I am feeling grateful to the the sea, the sun, the wind and the sand. They helped me come out of my blues. Three days of beach therapy did it for me.
I checked myself into a beach front hut for three days. Three days of no TV and no internet. I spend the first two days playing with the waves, walking in the sand barefoot, wandering aimlessly through the shore and watching the sea from the small courtyard of my waterfront hut. On the third day, I swam in the sea for many hours. It was crazy. I started swimming at dawn and got out of water only for breakfast and lunch. I swam in the sea till sunset.
It was really crazy. Swimming for a while. Then floating for a while to conserve my energy for the next swim. Getting hit and tossed around by powerful waves, the salt and sand stinking my eyes, the fierce sun roasting my skin. Just before sunset, I sighted a pod of dolphins swimming nearby. It was exhilarating. I went into the beast mode. I swam forever and ever. Like a mad woman. Like a possessed woman.
The sea has always marveled me. As a child, I have had the same dream many nights. I am floating in the wind like a soft feather and beneath me is the endless enigmatic ocean. I have been frightened by this dream. I cannot call it a nightmare. I was afraid of going to the beach or stepping my foot into the water as a three or four year old. The crash of the thundering waves, the dark waters and the creatures that I imagined which were lurking underneath made it impossible for me to hit the waves. But as years passed by, I grew less and less afraid of it.
As a child, I was addicted to fairy tales and tales of the sea. I have imagined myself as the little mermaid living in an underwater kingdom. I have also sailed the seven seas with Sindbad in all his fantasy voyages, of course in my imagination. I was enthralled especially by his first voyage in which he and his mates set ashore on a giant sleeping whale thinking that it was an island. It was in fourth grade that I laid my hands on Moby Dick in the school library. I revelled in reading it countless times during the two months of summer vacation after four grade.
Jonah’s story in the Old Testament has also fascinated me.
I started loving the sea. When I was in college, my love for the sea made me join the Naval wing of the National Cadet Corps. I did some swimming, sailing, boat-pulling and other water sports for a brief period. In the second year of my college, I became the best woman cadet of my State and was selected to join the NCC Naval wing contingent which was to participate in the Republic Day parade of my country that year. I was also selected to join a team of cadets to go for an international youth exchange programme. But I didn’t go for any of that. My NCC days had a rather sad and abrupt ending because I lost my fight with my father who was totally against it. (That is another story for another time).
I don’t have wanderlust. But I lust after the ocean.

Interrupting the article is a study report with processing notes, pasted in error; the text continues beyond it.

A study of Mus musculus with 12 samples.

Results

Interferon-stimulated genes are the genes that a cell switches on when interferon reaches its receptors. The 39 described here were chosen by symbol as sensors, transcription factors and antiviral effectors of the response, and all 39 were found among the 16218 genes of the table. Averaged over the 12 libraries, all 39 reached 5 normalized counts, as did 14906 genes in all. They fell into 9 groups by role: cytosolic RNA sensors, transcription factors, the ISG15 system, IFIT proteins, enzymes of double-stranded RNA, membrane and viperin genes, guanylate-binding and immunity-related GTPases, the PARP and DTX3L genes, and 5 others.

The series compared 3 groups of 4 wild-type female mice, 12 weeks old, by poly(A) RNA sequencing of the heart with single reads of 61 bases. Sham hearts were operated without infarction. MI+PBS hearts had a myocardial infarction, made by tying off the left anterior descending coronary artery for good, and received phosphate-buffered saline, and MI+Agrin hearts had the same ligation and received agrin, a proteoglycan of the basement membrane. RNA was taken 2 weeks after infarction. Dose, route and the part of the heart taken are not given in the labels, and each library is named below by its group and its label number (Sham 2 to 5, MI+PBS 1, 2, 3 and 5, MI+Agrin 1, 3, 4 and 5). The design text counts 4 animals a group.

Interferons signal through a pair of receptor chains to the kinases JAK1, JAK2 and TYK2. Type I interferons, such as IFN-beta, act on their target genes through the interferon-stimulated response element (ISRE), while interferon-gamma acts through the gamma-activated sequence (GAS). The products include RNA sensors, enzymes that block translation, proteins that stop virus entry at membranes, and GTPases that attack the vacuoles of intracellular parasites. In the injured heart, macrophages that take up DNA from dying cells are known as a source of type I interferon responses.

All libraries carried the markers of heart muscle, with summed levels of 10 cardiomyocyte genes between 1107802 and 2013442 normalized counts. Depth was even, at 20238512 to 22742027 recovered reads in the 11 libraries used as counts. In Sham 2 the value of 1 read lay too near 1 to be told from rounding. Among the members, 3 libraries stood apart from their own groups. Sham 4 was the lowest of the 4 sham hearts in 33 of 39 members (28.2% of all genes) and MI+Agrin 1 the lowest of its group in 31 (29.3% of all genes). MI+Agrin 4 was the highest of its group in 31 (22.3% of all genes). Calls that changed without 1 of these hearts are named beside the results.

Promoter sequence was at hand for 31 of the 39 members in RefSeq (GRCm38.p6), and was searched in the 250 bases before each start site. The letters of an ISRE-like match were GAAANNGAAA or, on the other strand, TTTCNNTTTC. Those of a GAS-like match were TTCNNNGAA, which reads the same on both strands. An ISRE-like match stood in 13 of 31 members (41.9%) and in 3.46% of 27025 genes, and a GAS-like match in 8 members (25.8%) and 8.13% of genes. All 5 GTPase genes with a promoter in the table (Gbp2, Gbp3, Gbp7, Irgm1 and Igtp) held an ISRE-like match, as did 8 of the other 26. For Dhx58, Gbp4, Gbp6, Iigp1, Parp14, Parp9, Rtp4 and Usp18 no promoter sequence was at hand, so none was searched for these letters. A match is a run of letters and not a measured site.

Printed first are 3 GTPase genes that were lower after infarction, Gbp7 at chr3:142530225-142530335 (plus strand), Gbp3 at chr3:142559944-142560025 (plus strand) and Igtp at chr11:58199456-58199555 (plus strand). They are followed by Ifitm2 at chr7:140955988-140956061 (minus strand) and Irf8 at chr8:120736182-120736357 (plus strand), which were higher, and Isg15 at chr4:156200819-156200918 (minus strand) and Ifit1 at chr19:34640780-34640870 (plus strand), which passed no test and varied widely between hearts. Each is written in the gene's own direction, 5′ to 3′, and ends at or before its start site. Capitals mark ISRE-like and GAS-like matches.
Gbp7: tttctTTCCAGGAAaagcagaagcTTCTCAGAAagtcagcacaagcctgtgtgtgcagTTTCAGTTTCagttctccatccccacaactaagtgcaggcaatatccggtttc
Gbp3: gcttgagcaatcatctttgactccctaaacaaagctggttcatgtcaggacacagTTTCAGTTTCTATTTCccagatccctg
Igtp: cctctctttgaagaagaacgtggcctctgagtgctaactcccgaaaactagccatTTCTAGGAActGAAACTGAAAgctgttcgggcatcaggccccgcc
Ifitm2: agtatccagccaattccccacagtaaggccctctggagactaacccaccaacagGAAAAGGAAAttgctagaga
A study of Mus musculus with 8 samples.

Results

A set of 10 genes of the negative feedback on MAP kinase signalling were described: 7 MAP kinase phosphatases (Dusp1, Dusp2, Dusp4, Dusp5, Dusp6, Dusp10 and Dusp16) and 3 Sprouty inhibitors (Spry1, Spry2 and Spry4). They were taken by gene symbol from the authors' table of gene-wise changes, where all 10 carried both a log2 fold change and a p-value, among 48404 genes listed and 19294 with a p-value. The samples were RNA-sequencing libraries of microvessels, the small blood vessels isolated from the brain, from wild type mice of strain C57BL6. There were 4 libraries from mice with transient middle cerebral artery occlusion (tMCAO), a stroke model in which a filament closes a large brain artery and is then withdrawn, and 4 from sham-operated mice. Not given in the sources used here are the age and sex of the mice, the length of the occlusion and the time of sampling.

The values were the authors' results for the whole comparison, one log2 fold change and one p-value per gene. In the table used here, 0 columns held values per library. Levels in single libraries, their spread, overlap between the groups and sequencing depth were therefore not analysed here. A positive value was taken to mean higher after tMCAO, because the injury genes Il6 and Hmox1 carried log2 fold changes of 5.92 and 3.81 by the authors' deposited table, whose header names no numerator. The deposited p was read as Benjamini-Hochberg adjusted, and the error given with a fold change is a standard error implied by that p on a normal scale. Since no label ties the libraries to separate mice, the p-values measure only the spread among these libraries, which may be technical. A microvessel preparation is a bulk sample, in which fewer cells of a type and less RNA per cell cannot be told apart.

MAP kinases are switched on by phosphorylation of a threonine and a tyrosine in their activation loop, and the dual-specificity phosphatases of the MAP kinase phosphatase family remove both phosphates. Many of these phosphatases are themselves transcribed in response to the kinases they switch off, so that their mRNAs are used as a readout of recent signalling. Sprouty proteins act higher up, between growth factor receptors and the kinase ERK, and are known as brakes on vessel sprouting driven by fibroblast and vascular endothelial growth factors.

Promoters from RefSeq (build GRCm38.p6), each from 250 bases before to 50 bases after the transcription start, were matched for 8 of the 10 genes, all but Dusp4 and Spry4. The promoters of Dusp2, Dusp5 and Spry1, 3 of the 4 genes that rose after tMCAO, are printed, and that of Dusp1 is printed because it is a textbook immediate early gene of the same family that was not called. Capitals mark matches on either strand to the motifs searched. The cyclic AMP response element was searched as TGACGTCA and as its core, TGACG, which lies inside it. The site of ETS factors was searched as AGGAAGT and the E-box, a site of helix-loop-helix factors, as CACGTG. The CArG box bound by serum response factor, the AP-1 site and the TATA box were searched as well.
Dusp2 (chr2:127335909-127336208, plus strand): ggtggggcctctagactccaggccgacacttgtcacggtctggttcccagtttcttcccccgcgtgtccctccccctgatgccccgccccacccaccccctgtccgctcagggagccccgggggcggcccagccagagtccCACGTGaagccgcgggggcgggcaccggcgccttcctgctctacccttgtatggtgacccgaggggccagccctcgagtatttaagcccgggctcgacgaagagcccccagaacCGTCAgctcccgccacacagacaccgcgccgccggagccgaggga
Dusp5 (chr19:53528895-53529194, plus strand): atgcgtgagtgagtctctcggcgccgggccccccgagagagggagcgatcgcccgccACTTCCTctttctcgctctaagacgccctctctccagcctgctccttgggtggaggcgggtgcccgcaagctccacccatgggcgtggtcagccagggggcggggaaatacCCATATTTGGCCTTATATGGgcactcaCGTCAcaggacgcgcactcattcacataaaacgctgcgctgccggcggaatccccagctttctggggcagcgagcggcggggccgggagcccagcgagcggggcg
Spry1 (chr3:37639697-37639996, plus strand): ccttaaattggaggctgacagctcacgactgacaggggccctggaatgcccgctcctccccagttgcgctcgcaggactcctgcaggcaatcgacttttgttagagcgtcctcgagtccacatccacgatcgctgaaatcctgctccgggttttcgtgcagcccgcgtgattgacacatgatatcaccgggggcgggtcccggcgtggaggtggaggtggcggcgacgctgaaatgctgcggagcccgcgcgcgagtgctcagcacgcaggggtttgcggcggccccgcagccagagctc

Coming back to where I started this topic, I don’t know what worked for me; swimming in the sea, the waves, the smell of the salt and sand, the wind, the dolphins, the starfish that latched on to my feet, the burning sun, the night sea shining in the moon light, the stars, the flickering neon lights of the numerous beach huts, the smiling foreign tourists, cheerful locals; they all played a part in washing away my blues.
After two very painful back surgeries, its complications and a host of other physical ailments that I underwent in a short span of a year, I was feeling very gloomy and depressed. But not anymore. Not after my days near the sea. I long for a happy life once again. I am not floating in hopelessness and sadness anymore. Yes, I am weak out of what my body has gone through. But I want to gather strength and come here again, to swim better, to walk better and may be to jog through the beach in the mornings (I don’t know about that, but let me see).
I lay in the sand like a beached whale. I enjoyed it. This is a private beach. Here, I am not under the prying eyes of locals like in my place. Here I can wear anything and do anything at the beach or in the water. I bought a two piece bikini which I wore underneath my T-shirt and shorts. I wasn’t ready to show off the layers of steroid-induced fat that covered my body. But I am hopeful that the next time I come here, I will be wearing only the bikini when I go for a swim, not clothes that weigh me down. So, I have resolved to lose those unnecessary pounds.
The power of the thundering waves, the power of the wind, the power of the ocean; the power of nature that man cannot fathom. The power of the creator who created it all. It gives us the realization that we are nothing but specks in this place called earth. That we are here only for a short while, and the next moment, we are gone. All this loathing, greed, jealousy and vile are of no use in the grand scheme of things. It’s all futile. We don’t know the end of the story.
I thank the sea for giving me hope. Now I want to ride the wave till I hit the beach.
P.S: I just can’t help it but add two very beautiful bible verses describing the wonder that is the ocean at the cost of sounding preachy.
‘So is this great and wide sea, wherein are things creeping innumerable, both small and great beasts. There go the ships: there is that leviathan, whom thou hast made to play therein. These wait all upon thee: that thou mayest give them their meat in due season.‘(Psalm 104: verses 25-27).
‘ For I have placed the sand as a boundary for the sea, an eternal decree, so that it cannot cross over it. Though the waves toss, yet they cannot prevail. Though they roar, yet they cannot cross over it.’ (Jeremiah 5:22).